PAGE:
Archive for June, 2007

You might have seen this floating around the blogosphere over the past few days. It’s Hans Rosling’s second presentation at Ted. For those who didn’t see the first, check it out. Rosling is brilliant at explaining tough concepts visually. Brilliant. In 20 minutes, he can change the way you look at the world.  Better yet, his tools are posted on his site so that you can download and play with them yourself.

I didn’t think he could give a more engaging presentation than that one but he has. Be sure you watch until the end.


  • You can finish early without feeling guilty.
  • You can get rid of any viruses you catch with a $50 program from McAfee.
  • With a little coffee you can do it all night.
  • You don’t usually get divorced if your spouse interrupts you in the middle of it.
  • And if you’re not sure what you are doing, you can always ask your tutor.

I promise I got more out of this old presentation on design-based research (powerpoint) than the jokes. But this had to be shared.



Summers are a great time at the college where I work. New faculty and staff go to Truro to attend Summer Institute. It’s the most energizing experiences you can have as a new employee. It’s time to reflect on what you do and how you can do it better. It’s also a great opportunity to connect with people who may work at a different campus or in another division. During the summer, you often meet folks that become lifelong friends.

ribbonAlthough I graduated from the program two years ago, I was lucky enough to be invited to spend today in Truro along with fifteen of my colleagues to share something that we’ve learned — our “gift”. Each of us sat at a table. Every twenty minutes, participants could switch tables to hear someone else talk. It’s kind of like musical chairs except you get to learn something new every time you sit down. A couple of my colleagues talked about something unique they’ve done to engage learners on the first day of the program. Another person talked about using games in learning. (You know who you are & I’m coming to talk to you!) I talked about Second Life. It was an amazing day. After seeing the agenda, I wish I had been participating instead of talking.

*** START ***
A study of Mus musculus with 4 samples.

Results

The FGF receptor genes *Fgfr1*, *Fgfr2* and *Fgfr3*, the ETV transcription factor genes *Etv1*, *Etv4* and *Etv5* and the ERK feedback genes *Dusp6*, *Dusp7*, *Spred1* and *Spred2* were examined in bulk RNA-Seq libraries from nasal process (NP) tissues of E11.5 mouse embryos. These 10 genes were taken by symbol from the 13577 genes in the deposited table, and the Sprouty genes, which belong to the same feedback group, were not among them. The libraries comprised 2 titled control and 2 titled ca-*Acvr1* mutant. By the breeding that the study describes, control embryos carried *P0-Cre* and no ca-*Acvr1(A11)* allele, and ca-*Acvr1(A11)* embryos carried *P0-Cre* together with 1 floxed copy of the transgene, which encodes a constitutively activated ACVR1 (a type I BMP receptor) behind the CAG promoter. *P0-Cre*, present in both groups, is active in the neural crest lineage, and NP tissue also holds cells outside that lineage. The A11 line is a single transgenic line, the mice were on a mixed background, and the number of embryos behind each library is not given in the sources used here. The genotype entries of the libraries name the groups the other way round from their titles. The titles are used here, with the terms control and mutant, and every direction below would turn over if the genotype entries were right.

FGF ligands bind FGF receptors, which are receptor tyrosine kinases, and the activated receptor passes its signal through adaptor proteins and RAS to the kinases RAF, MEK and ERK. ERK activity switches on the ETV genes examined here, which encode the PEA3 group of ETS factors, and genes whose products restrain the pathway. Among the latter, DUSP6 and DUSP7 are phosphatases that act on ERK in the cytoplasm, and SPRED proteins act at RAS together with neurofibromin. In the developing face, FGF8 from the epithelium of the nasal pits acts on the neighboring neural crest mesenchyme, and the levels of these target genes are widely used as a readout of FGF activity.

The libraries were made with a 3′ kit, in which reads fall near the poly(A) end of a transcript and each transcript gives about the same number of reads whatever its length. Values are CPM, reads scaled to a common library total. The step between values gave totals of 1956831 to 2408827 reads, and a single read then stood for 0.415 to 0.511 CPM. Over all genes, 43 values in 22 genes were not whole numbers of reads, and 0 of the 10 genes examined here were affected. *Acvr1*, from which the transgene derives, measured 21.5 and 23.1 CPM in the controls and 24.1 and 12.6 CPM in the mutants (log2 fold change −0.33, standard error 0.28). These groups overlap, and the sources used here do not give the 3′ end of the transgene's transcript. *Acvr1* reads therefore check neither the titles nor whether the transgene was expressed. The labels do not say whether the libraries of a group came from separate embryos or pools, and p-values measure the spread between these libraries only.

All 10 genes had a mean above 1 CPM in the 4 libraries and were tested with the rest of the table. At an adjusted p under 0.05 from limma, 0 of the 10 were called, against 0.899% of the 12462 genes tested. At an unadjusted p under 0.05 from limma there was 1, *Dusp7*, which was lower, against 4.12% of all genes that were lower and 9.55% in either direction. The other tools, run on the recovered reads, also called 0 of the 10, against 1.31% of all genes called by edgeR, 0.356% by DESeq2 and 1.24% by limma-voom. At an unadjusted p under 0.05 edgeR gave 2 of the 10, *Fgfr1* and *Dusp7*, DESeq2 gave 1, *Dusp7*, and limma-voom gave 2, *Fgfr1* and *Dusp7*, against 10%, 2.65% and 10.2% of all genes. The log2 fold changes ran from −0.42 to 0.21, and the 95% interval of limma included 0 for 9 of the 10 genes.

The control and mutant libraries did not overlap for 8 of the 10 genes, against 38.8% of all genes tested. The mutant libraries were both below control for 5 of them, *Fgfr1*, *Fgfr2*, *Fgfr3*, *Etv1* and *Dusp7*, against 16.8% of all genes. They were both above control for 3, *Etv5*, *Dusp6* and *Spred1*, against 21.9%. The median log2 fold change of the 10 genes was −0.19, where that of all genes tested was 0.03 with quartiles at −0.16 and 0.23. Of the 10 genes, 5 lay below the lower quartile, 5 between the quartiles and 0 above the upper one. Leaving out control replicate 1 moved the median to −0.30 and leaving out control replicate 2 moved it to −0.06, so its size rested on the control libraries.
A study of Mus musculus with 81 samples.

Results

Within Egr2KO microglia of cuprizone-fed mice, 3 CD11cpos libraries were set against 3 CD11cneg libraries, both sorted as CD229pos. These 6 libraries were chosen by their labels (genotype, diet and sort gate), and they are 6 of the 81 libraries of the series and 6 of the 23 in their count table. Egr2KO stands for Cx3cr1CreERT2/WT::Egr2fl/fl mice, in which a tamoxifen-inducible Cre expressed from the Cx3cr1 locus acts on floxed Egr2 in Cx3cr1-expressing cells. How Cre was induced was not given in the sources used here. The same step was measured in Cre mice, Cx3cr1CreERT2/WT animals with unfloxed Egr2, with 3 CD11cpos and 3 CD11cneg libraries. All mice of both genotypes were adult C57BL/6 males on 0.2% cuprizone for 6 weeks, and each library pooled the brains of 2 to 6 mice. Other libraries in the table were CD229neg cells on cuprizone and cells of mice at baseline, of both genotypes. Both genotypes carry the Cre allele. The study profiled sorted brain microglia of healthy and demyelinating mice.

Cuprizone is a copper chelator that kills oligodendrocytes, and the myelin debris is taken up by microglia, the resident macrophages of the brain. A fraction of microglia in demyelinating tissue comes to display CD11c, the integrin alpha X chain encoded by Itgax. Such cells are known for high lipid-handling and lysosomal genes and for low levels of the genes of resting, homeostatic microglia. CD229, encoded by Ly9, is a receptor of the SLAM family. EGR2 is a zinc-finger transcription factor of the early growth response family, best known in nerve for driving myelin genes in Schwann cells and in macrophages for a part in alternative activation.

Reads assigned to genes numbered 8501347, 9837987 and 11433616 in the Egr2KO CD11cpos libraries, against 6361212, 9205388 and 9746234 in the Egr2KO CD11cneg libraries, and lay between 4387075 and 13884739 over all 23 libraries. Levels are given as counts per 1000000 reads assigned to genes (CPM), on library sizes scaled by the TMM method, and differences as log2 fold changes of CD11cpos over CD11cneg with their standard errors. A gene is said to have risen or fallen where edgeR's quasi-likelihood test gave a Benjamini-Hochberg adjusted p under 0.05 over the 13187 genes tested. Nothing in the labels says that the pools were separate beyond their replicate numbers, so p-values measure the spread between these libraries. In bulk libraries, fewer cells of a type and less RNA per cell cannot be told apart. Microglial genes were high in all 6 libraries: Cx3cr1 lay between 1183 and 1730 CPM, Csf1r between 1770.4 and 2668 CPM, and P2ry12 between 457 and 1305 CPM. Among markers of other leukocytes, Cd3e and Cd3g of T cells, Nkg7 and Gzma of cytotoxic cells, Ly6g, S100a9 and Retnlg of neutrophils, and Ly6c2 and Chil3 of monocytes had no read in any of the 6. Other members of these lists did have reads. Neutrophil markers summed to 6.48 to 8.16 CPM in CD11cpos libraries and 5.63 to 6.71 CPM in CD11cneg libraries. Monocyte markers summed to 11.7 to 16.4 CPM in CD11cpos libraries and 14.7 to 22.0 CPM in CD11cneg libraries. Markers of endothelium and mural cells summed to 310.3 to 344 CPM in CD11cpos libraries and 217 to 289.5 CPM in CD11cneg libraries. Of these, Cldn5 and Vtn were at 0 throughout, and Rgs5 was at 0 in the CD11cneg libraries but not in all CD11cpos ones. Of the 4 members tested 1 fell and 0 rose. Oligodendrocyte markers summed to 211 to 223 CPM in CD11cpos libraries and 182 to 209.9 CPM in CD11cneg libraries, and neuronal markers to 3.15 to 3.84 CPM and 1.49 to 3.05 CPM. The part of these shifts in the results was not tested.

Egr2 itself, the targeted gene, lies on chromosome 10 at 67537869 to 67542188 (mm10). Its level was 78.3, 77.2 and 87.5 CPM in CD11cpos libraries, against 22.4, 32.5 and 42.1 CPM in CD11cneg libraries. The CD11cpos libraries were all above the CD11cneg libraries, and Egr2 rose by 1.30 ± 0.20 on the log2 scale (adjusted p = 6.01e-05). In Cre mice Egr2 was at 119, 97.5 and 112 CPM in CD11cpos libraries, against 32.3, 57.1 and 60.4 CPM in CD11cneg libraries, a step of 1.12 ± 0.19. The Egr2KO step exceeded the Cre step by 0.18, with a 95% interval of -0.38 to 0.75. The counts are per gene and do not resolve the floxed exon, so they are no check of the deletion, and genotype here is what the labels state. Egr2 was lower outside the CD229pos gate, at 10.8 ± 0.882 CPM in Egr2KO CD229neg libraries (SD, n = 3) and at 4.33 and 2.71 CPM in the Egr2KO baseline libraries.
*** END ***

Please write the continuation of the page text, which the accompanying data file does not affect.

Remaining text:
I mentioned that a friend of mine offered an introduction to blogging at Summer Institute so I’m hoping that some of those gifts will start to get shared more widely. Blogging is one of those wonderful ways to share your gifts.

How about you? What’s your gift? Share.

(Photo, Red Bow, by Hey Paul)


My friend Chris tells me that he’s doing a session on blogs and wikis for faculty and staff tonight in Truro. I wish I could be there, but then I’d like to be anywhere with Chris because he’s taught me so much & because he’s such a great guy. Have fun & hope you learn lots!


I have the feeling that this kind of information is going to become more and more valuable to people like me (I’m an instructional designer) over the next few years since many online courses are little more than migrations of classroom learning experiences. That doesn’t come close to how people learn “in the wild” online. The more we learn about informal learning with technology and use that information to create vibrant, participatory learning environments, the more effective online courses can be.

Ok, off my soapbox.

If you want a taste of the kind of work Project NML is doing, check out this 5-minute piece on videoblogging featuring Steve Garfield. The video would be a wonderful thing to show students to give them a sense of what (video)blogging is about. (I like the bit about trust.)


Sifry says the currency of bloggers is the link. The more that people link to you, the better off you are. Sifry offers three pieces of advice if you want to get those links. First, you need to use a human voice when you blog. Be honest, not “official”. Next, write often. Set aside some time so that you can write enough about what you care about so that people will subscribe to your blog. Finally, link proficially. If you want people to notice you, read what those people are writing and link to them. Comment on their blogs. Engage in a conversation with them.

This is great advice for the brand-name blogger wannabe, but do you think it might be good advice for student bloggers as well? After all, student bloggers are branding themselves for future employers.  Or maybe students will brand themselves elsewhere?